Analytical Instrumentation

True Total Sulfur Analysis with NO-CT™ technique Meet the new Nitrogen Interference Solution

May 01 2023

Author: Sebastian Sanchez on behalf of TE Instruments


When analyzing Total Sulfur in Hydrocarbon Products or Derivatives, interference with high concentrations of Nitrogen-containing components might become troublesome.
TE Instruments developed a new Nitrogen Oxide Correction Technology (NO-CT™) Solution for the analysis of true Total Sulfur values in samples that contain high quantities of Nitrogen. 

 

Background

When using high-temperature oxidative sample combustion analyzers. The introduced Nitrogen containing components, present in a sample, are converted into Nitrogen Oxides (NO/NO2). The Nitric oxide molecules interfere by absorbing and emitting light in the same wavelength range as SO2 molecules do when using UV-Fluorescence detection techniques. This additional absorption and excitation of the nitric oxide molecules result in a false (positive) contribution to the measured amount of Total Sulfur.  
In the ASTM 5453 19a (Standard Test Method for Determination of Total Sulfur in Light Hydrocarbons, Spark Ignition Engine Fuel, Diesel Engine Fuel and Engine Oil by UV-F), the contribution of Nitrogen to Sulfur was introduced with corrective suggestions. The contribution to Sulfur results may either be corrected by calculation, or by elimination of the NO molecules in the outlet gasses.
Preventing NO molecules to enter the Sulfur detector is frequently achieved by the elimination of the NO molecules. Elimination can be achieved by adding a gas flow of Ozone (O3) to the flow path after the combustion, which when it reacts with NO forms NO2 (NO2 has no absorption in the UV-F detector). Since O3 is an aggressive oxidator, it will damage the UV-F reaction cell over time. To add up: Dilution of outlet gasses with ozone has an impact on the limit of detection values and effecting the linearity of UV-F detectors.
The innovative Xplorer analyzers from TE Instruments and its UV-Fluorescence detection already have a reduced sensitivity for NO contribution when measuring Sulfur, but when true Sulfur numbers are required, the Xplorer analyzer can now be upgraded with the new Nitrogen Interference (NO-CT™) solution.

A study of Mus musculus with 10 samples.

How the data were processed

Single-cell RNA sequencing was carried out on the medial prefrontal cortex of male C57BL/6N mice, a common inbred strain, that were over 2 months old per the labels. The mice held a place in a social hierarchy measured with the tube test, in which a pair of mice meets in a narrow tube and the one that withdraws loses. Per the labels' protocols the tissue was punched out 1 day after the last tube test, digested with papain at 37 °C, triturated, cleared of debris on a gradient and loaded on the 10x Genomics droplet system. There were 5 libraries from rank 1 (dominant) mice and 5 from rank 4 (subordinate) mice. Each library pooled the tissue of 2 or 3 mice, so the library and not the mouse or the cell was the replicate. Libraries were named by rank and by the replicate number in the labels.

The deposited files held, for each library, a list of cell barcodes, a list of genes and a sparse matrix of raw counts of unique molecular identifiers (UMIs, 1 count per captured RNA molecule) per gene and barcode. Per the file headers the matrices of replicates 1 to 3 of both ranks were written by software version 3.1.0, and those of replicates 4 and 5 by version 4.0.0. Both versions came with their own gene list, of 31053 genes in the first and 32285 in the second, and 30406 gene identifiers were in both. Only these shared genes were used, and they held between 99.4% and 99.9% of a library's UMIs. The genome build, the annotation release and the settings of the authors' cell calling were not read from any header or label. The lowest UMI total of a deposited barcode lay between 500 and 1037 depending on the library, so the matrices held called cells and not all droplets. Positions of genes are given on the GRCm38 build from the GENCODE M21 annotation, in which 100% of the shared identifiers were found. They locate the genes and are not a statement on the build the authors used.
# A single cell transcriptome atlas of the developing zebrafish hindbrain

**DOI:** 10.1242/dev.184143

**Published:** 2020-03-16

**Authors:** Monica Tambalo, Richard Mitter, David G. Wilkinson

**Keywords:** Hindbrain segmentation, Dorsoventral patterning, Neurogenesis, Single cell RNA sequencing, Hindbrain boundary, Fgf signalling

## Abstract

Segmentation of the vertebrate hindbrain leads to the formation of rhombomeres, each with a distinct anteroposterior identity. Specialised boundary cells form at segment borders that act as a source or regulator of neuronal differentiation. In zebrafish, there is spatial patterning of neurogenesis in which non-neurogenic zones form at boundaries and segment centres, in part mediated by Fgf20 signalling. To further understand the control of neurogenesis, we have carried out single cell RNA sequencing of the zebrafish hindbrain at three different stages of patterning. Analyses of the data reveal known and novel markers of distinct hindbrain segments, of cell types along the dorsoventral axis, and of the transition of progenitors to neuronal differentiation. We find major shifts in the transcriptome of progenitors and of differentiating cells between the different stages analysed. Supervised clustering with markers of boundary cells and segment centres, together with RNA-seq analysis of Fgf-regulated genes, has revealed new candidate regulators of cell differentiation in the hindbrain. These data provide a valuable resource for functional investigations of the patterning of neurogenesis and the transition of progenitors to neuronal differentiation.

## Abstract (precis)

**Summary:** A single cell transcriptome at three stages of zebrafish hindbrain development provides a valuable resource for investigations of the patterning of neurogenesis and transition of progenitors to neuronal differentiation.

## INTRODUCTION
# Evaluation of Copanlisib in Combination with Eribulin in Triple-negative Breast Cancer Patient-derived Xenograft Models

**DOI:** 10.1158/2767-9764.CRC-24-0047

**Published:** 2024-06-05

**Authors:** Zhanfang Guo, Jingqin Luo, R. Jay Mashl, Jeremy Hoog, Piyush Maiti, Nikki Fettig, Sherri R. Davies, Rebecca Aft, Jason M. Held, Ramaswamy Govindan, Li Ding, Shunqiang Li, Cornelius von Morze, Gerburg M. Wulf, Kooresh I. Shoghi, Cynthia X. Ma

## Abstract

This new Nitrogen Interference solution corrects the NO interference and contribution in the Combustion Gas and calculates the true Sulfur results. With NO-CT™ no changes are applied to the gas flows, there is no impact on the UV-F detector, and LOD or Linearity is unaffected.

 

Effect of high Nitrogen on Sulfur

To demonstrate the effect of NO molecules on a UV-F Sulfur detector, a series of Nitrogen standards with increasing concentrations of Nitrogen, were measured on an Xplorer-TS analyzer. The following charts were recorded for 50, 100, 500,
and 1000 ppm Nitrogen standards containing zero Sulfur: Interpolating the areas on a calibration line gives an estimate of the added values of Nitrogen concentrations to the Sulfur values:

 

NO-CT™

NO-CT™ is a correction technique, based on calculations in TEIS, the software package from TE Instruments for the control of the analyzers and interpretation of data. This software feature is available in TEIS 2 software packages from version 2.5.7 or higher and makes use of a combination of Sulfur measurement and a Nitrogen interference measurement. Analyzers which contain both a UV-F detector and a CLD detector were already able to use this corrective technology but for systems without a CLD detector, the correction was not possible.

TEI analyzers are currently available with the following detector setups:
1. Total Sulfur (UV-F)
2. Total Nitrogen (CLD)
3. Dual detector solution, Total Sulfur (UV-F) + Total Nitrogen (CLD)
Laboratories that are not interested in measuring Nitrogen, but do want to have True Sulfur results, were left out with the software-based Nitrogen correction. For this reason, TE Instruments developed a unique hardware solution for Xplorer-TS-only analyzers. This solution corrects for Nitrogen values at levels ranging from 10 ppm, up to 1000 ppm, without losing performance.
Before enabling the correction, users need to record a special calibration line that only contains Nitrogen. In most cases, a calibration line of up to 500 ppm of total Nitrogen will cover most of the interferences. The calibration line is stable up to 1 year from calibration and there is no need to recalibrate the sensor on a regular basis. After the calibration line is recorded it is simply a matter of turning the correction “ON” in the TEIS configuration.

 

Example data with NO-CT™

As a validation experiment using the correction technique, multiple standards were made using Dibutyl Sulfide (Sulfur) and Pyridine (Nitrogen) in a matrix of Xylene. The standards were spiked with increased amounts of Nitrogen.
After injection of the standards, the following overlay and calibration line and results were recorded.
 

Used Analyzer and Settings

Xplorer-V TS with the new NO-CT™. The new NO-CT™ can be added to existing systems with the following upgrade kit: KIT0176990 Xplorer-TS only NOCT Upgrade kit.